Abstract ID: 3696

Primary Topic: Curriculum design and development
Secondary Topic: Teaching, learning, and assessment

Culinary Medicine: Lessons learned from implementing curricula across the country
Amy Locke, MD; Sonia Oyola, MD; Geeta Maker-Clark, MD; Misha Kogan, MD; Seema Kakar, MD; Rupa Mahadevan, MD, , Chicago, IL, United States; Melinda Ring, MD, Osher Collaborative for Integrative Medicine, Chicago, IL, United States

Late Breaker: No

Overview

Medical school nutrition curricula have struggled to provide the needed skills for assisting patients with health behavior change, despite a strong societal need for guidance in this area. Culinary Medicine is a unique approach to helping physicians improve the lives of their patients, while also impacting their own wellness. Challenges include access to a teaching kitchen, suitable faculty knowledge, implementing inter-professional education and funding.

University of Utah Health (UUH) developed a Culinary Medicine program with the School of Medicine (SOM) and the College of Health (COH) using the Goldring Center for Culinary Medicine at Tulane University curriculum in 2016. In 2017, this elective was expanded to students from the COH and School of Pharmacy using curriculum designed and taught by UUH faculty.

The Culinary Medicine program at Pritzker School of Medicine is offered as part of the curriculum for all students rotating through Family Medicine and as an 8 week optional elective for M1 students taught by physicians and a chef/dietitian. The program has recently expanded to include community outreach in the South Side of Chicago, at Blackstone Bikes and the Montessori School of Englewood.

Osher Center for Integrative Medicine at Northwestern University received a grant to co-create a Culinary Medicine curriculum in partnership with Common Treads, an organization which is experienced in delivering cooking and nutrition education in schools and other youth program sites in Chicago and across the country. The first student cohort participated in 2017.

Georgetown School of Medicine launched its Culinary Medicine elective in the Fall of 2017 in collaboration with Capital Food Bank who supplied the space.

These evidence-based, nutrition curriculum are examples of innovative strategies to foster appreciation for nutrition in prevention and management of disease. This panel discussion will highlight the different curricula along with the challenges and successes in implementation.

Rationale

Nutrition knowledge, food choices, and healthy cooking habits have been shown to play a significant role in the prevention and management of obesity and its related diseases. (1) Yet primary care residents and practicing physicians feel unprepared to counsel their patients about important elements of lifestyle such as nutrition and exercise. (2,3) A third of Americans are obese and nearly two-thirds are overweight; the negative sequelae of obesity and its co-morbidities cost the U.S. roughly $190 billion annually. Culinary Medicine is a new approach to teach health care professionals the necessary skills to affect behavior change with patients. Implementation of curricula has been slow to reach students despite interest due to difficulties operationalizing this program on a large scale. The purpose of our presentation is to highlight the importance of this type of interactive, interdisciplinary education while exploring the steps, barriers, successes of starting this type of nutrition curriculum at different schools of medicine.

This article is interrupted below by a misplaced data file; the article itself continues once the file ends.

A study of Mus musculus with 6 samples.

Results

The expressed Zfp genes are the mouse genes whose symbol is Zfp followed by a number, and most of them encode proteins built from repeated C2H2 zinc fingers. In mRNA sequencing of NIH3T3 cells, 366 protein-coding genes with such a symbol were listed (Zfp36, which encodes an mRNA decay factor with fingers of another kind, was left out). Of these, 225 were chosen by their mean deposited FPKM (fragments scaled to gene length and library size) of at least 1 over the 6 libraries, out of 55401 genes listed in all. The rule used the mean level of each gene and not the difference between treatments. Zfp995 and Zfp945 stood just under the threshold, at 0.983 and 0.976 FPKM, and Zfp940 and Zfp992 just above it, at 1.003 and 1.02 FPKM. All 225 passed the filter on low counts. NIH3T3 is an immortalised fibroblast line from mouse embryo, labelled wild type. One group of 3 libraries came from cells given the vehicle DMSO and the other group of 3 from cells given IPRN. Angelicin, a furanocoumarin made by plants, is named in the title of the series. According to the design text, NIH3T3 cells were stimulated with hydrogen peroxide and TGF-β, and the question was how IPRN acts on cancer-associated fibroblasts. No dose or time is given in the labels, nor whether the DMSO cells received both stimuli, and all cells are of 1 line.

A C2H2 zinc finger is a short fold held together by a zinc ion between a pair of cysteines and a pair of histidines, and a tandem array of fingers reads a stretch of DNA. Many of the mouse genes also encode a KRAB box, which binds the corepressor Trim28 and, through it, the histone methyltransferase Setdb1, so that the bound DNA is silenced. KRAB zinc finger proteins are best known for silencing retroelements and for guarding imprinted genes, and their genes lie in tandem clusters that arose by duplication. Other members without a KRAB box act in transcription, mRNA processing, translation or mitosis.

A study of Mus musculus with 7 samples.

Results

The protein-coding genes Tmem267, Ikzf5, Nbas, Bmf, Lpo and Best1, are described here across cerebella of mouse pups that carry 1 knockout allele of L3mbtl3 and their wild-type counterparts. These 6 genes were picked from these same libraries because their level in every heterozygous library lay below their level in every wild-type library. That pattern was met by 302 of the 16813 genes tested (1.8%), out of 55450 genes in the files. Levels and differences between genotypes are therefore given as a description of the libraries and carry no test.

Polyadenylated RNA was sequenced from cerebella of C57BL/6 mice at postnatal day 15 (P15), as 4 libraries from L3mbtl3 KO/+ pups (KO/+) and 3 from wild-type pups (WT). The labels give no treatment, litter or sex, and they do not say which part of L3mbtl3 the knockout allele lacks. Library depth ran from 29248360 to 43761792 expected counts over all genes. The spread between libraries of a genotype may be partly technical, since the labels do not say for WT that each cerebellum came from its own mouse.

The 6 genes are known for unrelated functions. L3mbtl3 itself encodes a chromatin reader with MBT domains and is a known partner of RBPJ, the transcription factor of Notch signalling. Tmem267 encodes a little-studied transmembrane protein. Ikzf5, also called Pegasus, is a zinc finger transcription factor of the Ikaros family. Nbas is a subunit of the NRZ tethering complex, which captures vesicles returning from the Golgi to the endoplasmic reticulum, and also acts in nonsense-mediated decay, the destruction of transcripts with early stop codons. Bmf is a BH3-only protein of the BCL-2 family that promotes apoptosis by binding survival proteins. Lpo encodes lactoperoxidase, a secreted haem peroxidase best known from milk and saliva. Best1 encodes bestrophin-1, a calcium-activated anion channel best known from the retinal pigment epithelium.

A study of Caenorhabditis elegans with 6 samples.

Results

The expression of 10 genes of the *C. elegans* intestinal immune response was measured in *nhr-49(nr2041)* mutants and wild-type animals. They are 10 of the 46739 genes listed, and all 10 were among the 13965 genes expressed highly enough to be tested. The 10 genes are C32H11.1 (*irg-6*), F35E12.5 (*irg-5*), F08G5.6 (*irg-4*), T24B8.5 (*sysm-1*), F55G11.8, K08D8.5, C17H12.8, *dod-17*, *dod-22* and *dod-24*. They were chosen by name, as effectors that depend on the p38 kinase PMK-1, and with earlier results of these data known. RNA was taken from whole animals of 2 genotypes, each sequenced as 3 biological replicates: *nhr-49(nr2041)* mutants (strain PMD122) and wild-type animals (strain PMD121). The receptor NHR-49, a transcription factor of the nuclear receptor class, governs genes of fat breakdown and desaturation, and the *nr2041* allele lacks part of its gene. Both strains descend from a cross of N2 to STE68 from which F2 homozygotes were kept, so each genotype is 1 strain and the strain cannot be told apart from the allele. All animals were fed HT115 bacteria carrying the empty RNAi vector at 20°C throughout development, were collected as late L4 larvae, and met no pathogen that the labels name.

1. Conroy, M. B., Delichatsios, H. K., Hafler, J. P., & Rigotti, N. A. (2004). Impact of a preventive medicine and nutrition curriculum for medical students. American Journal of Preventive Medicine, 27(1), 77–80. doi:10.1016/j.amepre.2004.03.009
  1. Smith S, Seeholzer EL, Gullett H, et al. Primary Care Residents’ Knowledge, Attitudes, Self-Efficacy, and Perceived Professional Norms Regarding Obesity, Nutrition, and Physical Activity Counseling. J Grad Med Educ. 2015;7(3):388-394.
  1. Schlair S, Hanley K, Gillespie C, et al. How medical students’ behaviors and attitudes affect the impact of a brief curriculum on nutrition counseling. J Nutr Educ Behav. 2012;44(6):653-657.

Objectives

  1. Define culinary medicine and describe the role it can play in training students and residents to assess patients’ habits and provide assistance in lifestyle modification
  2. Identify strategies for implementation and solutions to common challenges of culinary medicine curriculum into health sciences education
  3. Articulate the role of culinary medicine in the personal wellness of health care providers

Methods/Session Format

Each school (4 total) will share their experiences followed by a 20 minute moderated panel discussion.

Outline

Participants will be involved in an interactive discussion with the faculty/panelists representing the University of Utah, Chicago Pritzker School of Medicine, Osher Center for Integrative Medicine at Northwestern University and Georgetown University after short presentations where each faculty describes a short history of the program, current impact of the work on either medical students, community member or both, challenges regarding sustainability and future outlook. Throughout the post-presentation Q and A, participants will have the opportunity to discuss related educational examples of innovative medical student education in their own settings. Participants will also be encouraged to consider the benefits of and barriers to incorporating educational programs for training medical students to address nutrition with patients.